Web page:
In all the years I’ve been traveling to Asia I’ve never had a November and December like this one! Who needs Miami Beach or Mexico when you can leave the cold and rain and wind of the Northwest and bask in the midday sun of northern India (try 70 degrees for starters), followed by crisp nights in an environment of hospitality with new and old friends? Add to that the ever-present mountains beckoning, and you have a recipe for heaven on earth.
Daughter Cary and I arrived in Kathmandu and are staying in our favorite haunt, the Shechen Guest House in Boudhanath, until tomorrow, when we leave at dawn for a six-day trek in the Yolmo/Helambu area of the Nepalese Himalaya. Our guide will be the reliable Ram Rai, one of our favorite sirdars working for Jawalant Gurung, who is a long-time friend and owner of Crystal Mountain Treks. Jawalant also leads a climb up Mt. Rainier in Washington State every spring, which raises substantial funds for a school and orphanage in Kathmandu. In future blogs I will write about his work as well as that of several other individuals I’ve become acquainted with over the past three weeks.
The number of internet cafes has dwindled in India and Nepal, due to the rise in cell phone and iPad use. Since I travel with neither device and put my energy into photography and journaling, I plan to write a lengthy report with a slide show when I return in late December. It will be my Christmas card to all of you! As always, I am asking for your patience. Be prepared for a whirlwind trip, starting on November 26th on Delta Airlines through Amsterdam to Delhi. From there we journeyed to Dharamsala for a three-day teaching by the Dalai Lama at the Namgyal Temple. A rather comic aside, now that I’ve had time to be compassionate about it, is that my new leather sneakers were stolen outside the teachings on the second day, leaving me in stocking feet with only heavy hiking boots for solace. Every year that I come, I laugh at the sign outside the main temple which declares: Be sure that your shoes are not stolen by someone! Well, when it happens it’s not so funny, especially when you can’t find that elusive “someone,” but I did get t0 know some pretty nice security personnel as I sat and looked at their surveillance video for an hour. Unfortunately, the only camera that didn’t work was the one trained on the room where I sat. Go figure.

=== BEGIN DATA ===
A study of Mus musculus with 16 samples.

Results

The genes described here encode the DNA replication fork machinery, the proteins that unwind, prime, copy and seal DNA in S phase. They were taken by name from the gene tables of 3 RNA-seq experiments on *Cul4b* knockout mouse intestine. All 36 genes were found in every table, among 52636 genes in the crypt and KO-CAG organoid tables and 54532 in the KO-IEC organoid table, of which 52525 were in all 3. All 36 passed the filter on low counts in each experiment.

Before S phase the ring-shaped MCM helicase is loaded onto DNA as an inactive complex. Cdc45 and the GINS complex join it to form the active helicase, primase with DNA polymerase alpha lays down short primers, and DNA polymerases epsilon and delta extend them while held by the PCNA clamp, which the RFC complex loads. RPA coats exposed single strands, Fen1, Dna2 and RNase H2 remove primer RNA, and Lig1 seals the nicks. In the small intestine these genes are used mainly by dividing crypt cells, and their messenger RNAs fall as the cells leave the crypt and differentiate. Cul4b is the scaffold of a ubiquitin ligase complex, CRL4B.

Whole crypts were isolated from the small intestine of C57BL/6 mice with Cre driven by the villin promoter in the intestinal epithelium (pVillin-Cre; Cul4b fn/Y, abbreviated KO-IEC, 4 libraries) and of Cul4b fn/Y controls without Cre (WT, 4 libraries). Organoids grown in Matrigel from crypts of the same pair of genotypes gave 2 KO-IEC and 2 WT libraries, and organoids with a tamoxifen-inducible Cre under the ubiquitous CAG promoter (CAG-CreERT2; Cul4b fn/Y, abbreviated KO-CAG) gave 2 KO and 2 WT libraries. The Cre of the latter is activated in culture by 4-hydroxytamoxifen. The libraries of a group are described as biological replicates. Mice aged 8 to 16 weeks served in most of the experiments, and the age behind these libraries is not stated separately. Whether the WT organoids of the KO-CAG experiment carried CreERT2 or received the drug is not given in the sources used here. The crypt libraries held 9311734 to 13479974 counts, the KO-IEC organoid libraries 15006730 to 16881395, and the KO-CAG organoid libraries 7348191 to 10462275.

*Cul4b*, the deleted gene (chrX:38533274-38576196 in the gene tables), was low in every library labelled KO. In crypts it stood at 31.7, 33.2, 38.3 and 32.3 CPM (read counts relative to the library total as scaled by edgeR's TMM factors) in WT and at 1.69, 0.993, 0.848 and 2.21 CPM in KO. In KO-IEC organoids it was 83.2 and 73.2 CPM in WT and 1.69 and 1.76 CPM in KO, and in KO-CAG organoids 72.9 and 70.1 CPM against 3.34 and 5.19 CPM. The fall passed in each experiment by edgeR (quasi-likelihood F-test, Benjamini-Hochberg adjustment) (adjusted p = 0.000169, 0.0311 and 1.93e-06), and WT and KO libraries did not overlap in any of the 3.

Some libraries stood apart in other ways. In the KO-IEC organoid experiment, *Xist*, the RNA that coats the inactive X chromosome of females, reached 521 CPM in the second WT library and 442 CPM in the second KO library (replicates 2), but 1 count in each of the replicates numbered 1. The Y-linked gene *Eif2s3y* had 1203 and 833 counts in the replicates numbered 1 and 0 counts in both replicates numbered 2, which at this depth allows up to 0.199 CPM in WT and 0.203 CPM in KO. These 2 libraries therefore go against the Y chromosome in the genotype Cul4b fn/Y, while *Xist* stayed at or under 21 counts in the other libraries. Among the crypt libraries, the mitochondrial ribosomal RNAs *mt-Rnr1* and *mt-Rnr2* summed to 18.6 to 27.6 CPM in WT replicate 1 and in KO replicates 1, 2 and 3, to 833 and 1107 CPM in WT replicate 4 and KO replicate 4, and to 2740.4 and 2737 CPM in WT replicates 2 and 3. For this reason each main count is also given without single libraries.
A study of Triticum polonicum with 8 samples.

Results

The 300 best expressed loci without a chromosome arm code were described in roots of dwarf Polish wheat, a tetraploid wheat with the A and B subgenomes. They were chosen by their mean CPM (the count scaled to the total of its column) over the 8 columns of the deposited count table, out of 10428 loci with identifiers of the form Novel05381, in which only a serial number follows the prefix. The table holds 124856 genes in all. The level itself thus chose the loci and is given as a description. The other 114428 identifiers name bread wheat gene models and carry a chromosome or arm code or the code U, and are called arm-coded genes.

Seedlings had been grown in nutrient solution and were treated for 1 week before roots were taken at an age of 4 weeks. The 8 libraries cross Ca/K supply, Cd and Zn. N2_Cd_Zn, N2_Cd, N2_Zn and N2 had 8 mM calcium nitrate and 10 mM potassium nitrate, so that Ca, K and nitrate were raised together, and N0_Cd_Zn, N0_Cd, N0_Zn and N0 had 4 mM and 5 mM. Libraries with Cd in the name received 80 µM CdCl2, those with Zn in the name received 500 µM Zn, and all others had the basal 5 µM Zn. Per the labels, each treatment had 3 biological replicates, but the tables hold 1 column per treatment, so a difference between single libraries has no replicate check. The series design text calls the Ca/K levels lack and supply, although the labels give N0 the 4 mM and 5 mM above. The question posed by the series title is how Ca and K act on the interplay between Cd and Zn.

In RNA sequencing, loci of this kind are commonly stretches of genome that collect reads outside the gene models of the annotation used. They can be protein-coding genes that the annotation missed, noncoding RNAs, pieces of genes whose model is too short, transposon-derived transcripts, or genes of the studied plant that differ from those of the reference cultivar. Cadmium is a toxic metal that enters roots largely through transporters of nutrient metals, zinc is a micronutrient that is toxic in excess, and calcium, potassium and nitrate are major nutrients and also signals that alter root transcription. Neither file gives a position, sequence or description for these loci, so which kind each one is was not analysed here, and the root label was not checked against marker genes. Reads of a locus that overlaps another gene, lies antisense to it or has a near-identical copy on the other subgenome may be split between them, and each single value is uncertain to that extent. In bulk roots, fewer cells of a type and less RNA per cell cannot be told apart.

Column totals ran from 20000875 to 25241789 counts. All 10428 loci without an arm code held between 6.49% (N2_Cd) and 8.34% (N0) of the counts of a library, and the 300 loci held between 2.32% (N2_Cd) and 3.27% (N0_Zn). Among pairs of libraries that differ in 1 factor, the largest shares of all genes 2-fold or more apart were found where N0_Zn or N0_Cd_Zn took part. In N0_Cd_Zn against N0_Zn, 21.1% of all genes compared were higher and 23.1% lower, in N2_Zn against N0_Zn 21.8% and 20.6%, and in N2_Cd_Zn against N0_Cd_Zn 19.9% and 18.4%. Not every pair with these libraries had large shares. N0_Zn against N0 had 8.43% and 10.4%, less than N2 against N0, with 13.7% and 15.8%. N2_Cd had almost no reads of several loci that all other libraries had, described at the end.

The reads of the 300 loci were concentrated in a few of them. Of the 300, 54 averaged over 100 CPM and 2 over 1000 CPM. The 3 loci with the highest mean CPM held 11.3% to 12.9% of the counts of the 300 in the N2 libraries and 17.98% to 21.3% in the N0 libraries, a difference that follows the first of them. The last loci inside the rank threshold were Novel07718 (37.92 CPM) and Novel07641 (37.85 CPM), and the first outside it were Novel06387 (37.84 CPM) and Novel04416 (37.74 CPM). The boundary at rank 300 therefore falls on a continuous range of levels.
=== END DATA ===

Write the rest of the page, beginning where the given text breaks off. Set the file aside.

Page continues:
From Dharamsala we went to the TCV (Tibetan Children’s Village) school in Suja, where our sponsored Tibetan refugee students greeted us eagerly, visited in neighboring Bir, then on the the holy city of Tso Pema (the India Rewalsar), where I got my initial baptism post surgery in steep scrambling by walking to the caves above the huge statue of Guru Rinpoche. As they love to say in Asia, “No problem.”
On our way back to Delhi, we stopped in the bustling town of Una to visit Sunny Farms, a company Cary had discovered online that specializes in organic soil amendments, using seaweed, cow manure, and vermicompost. Nobody beats the hospitality of the Dubey family. They shared their work with us, and acquainted us with the surrounding farms and an amazing shed where they house, feed and care for hundreds of stray cows picked up from the streets, and from which they obtain the useful fertilizer. Add to this an overnight at their beautiful home with wonderful Indian cuisine, and you’ll know why it was difficult to refuse their offer of a longer stay.
I’m writing this, laboriously, on the guest house internet, which, like so much of Nepal, has problems with electricity. Twice a day the current goes out for four hours, but supposedly it is on now. Even with saving as a draft, this is my fourth rewrite. Is it any wonder that I wait until I return home to continue my adventures?
You may be interested to know that we just enjoyed our first raw salad in Nepal. It has been a no-no for so many years that it’s wonderful to find a place like this guest house where they have clean fresh produce. In fact, there is lettuce growing like a decorative plant between the shrubbery around the border of the dining area.
Now it’s time to put on the sunscreen and wander to town for a last kora around the Boudha Stupa.